There’s nothing quite like taking in a magnificent view, so we’ve picked the very best the country has to offer…
1. Stonehenge, Wiltshire
Stonehenge is an icon of prehistoric Britain and its power to inspire and mystify is beyond doubt. The massive structure, so obviously not of this age, is a magnificent sight. For the full effect, apply with English Heritage to gain access to the stone circle itself at dawn or dusk.
2. The London Eye, London
The London Eye offers some of the most dramatic views over London. You can see up to 40km (25 miles) in all directions, as far as Windsor Castle on a clear day. On the 30-minute ‘flight’ you’ll see the Houses of Parliament, St Paul’s Cathedral, ‘the Gherkin’ and more.
3. Seven Sisters, Sussex
The south of England’s white chalk cliffs are an iconic sight and a symbol of Britain’s proud island history. The most dramatic of these are the Seven Sisters along the Sussex Heritage Coast. To experience the ‘classic’ view, head for Seaford Head from where you get a sweeping panorama to the cliffs.
4. Ardnamurchan, West Coast of Scotland
This most westerly tip of the British mainland is remote but the views are well worth the trip. Gloriously unspoilt and undisturbed, Ardnamurchan is accessed by a single-track road through some of Britain’s most enchanting scenery. Take the coast road from Arisaig to Morar to see otherworldly white-sand beaches with perfect views across the turquoise water to the ‘Small Isles’ of the Inner Hebrides in the distance.
5. Calton Hill, Edinburgh
Edinburgh has one of Europe’s most recognisable cityscapes, its blend of graceful Georgian and austere Gothic architecture and rugged volcanic geography inspiring generations of writers and artists. And there’s no better place to see it than from Calton Hill.
6. Glencoe, Highlands
Glencoe, in the heart of the Highlands, is without doubt one of Scotland’s most famous and scenic glens. Travel from Glasgow on the A82 and you’ll pass right through. Stop at the numerous viewpoints to see a landscape of majestic, sombre beauty, and the scene of one of the most infamous episodes in Scotland’s history. In 1692, 38 members of the MacDonald clan were murdered here by government troops, a terrible event in Highland history that charges this ghostly glen with extra atmosphere.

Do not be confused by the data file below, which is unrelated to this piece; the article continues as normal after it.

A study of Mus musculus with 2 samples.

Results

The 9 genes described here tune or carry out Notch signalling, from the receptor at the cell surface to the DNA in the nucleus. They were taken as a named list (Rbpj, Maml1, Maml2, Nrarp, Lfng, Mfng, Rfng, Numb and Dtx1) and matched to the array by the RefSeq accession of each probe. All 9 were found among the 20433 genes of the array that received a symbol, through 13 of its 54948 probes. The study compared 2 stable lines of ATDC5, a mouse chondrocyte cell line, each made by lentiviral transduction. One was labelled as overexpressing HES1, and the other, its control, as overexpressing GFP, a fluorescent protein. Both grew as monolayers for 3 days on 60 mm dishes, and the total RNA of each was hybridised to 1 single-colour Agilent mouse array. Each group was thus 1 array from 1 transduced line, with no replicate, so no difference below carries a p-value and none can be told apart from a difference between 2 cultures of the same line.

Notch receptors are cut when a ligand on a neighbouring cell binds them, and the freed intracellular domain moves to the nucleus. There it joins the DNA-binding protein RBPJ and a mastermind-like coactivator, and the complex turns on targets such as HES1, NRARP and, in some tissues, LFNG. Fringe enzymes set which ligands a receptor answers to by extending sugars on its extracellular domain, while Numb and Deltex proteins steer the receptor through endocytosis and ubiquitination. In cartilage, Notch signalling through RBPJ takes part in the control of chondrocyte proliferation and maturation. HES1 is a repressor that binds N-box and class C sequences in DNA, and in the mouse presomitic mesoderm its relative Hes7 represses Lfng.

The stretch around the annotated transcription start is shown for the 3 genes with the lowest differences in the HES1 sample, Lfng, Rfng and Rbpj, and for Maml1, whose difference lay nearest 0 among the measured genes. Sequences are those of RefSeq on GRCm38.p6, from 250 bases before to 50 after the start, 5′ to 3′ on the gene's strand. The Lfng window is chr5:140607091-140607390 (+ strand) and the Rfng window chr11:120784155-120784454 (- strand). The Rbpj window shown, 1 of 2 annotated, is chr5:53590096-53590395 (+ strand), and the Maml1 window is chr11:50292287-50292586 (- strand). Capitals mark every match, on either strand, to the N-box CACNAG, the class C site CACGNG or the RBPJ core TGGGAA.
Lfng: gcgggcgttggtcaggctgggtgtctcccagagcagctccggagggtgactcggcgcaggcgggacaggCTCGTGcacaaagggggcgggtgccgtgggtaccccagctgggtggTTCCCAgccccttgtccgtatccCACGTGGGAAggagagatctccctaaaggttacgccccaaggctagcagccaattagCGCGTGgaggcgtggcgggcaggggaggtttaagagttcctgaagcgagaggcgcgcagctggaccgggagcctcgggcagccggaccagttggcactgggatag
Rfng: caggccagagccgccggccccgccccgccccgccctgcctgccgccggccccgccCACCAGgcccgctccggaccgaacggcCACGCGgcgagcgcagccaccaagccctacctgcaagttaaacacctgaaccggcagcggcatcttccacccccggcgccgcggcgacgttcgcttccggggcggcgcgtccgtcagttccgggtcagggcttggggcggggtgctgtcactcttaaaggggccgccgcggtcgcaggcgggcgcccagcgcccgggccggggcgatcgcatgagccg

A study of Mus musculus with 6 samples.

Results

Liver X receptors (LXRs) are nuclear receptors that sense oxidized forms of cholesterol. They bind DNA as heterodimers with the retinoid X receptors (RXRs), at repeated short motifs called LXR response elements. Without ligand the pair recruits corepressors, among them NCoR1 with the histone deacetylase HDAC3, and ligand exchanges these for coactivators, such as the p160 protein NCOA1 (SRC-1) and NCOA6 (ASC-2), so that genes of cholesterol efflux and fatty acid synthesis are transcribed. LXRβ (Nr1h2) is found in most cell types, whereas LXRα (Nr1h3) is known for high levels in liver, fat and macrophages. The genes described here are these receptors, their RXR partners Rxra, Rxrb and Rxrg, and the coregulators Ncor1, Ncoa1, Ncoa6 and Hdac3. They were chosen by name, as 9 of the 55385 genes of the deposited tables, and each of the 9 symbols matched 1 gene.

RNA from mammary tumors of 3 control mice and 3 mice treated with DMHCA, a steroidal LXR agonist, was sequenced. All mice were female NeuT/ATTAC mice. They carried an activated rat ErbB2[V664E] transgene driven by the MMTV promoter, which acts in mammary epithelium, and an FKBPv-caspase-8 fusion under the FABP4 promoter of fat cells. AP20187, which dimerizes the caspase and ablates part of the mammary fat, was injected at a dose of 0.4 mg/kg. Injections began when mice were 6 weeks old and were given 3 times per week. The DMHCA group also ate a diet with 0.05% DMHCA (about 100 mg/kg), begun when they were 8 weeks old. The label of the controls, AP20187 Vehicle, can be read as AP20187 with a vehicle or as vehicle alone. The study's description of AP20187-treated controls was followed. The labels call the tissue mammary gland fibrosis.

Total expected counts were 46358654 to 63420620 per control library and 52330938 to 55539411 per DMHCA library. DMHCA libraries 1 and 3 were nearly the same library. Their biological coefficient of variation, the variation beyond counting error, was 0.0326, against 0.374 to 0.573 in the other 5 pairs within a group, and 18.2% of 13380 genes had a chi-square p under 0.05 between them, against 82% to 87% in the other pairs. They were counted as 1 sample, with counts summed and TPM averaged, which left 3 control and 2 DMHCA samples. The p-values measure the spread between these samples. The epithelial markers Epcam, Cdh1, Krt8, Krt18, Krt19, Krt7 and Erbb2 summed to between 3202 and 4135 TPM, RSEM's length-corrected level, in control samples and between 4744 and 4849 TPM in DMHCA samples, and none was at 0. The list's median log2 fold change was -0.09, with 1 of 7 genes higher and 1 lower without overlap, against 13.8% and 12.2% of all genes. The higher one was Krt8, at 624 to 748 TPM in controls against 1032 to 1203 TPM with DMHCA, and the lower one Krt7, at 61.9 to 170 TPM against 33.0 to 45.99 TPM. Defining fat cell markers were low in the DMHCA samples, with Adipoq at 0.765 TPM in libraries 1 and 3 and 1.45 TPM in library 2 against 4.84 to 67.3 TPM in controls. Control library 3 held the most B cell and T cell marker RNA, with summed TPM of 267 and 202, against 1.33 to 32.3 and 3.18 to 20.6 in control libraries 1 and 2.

7. Wastwater, Lake District
The Lake District has long provided inspiration for poets, painters and writers. Wastwater is the deepest of all the region’s bodies of water, and also the most visually sublime – a three-mile long ribbon of shining glass caressed on all sides by scree-strewn mountains and some of England’s highest peaks. The only road there is off the main coastal A595: its remoteness adds to the appeal.
Newcastle’s river, the Tyne, has been the lifeblood of the city since the area was first settled nearly 2,000 years ago and it remains a focus for Newcastle’s cultural life today. From the top of the BALTIC Centre for Contemporary Art on the Gateshead side of the river, you get a fantastic view of the city that takes in the billowing Sage Centre, designed by Norman Foster, the famous arched Tyne Bridge and the striking Millennium Bridge which help to form one of the most dynamic city skylines in Britain.
9. Three Cliffs Bay, Gower
The view over Three Cliffs Bay in South Wales takes in a perfect semi-circle of marsh, cliffs and creamy white beach hugged by unique rock formations. The best approach is from Southgate from where you can hike along the clifftop a mile or so to the bay.
10. The Shard, London
The Shard is the most prominent building on the London skyline and the ultimate place to get a great view over the capital. This is the only building in London tall enough to give you a view that takes in the entire city. The higher of its two viewing platforms is open-air, but one level down you can use the high-tech ‘tell:scopes’ to learn about the landmarks you’ll find on all sides.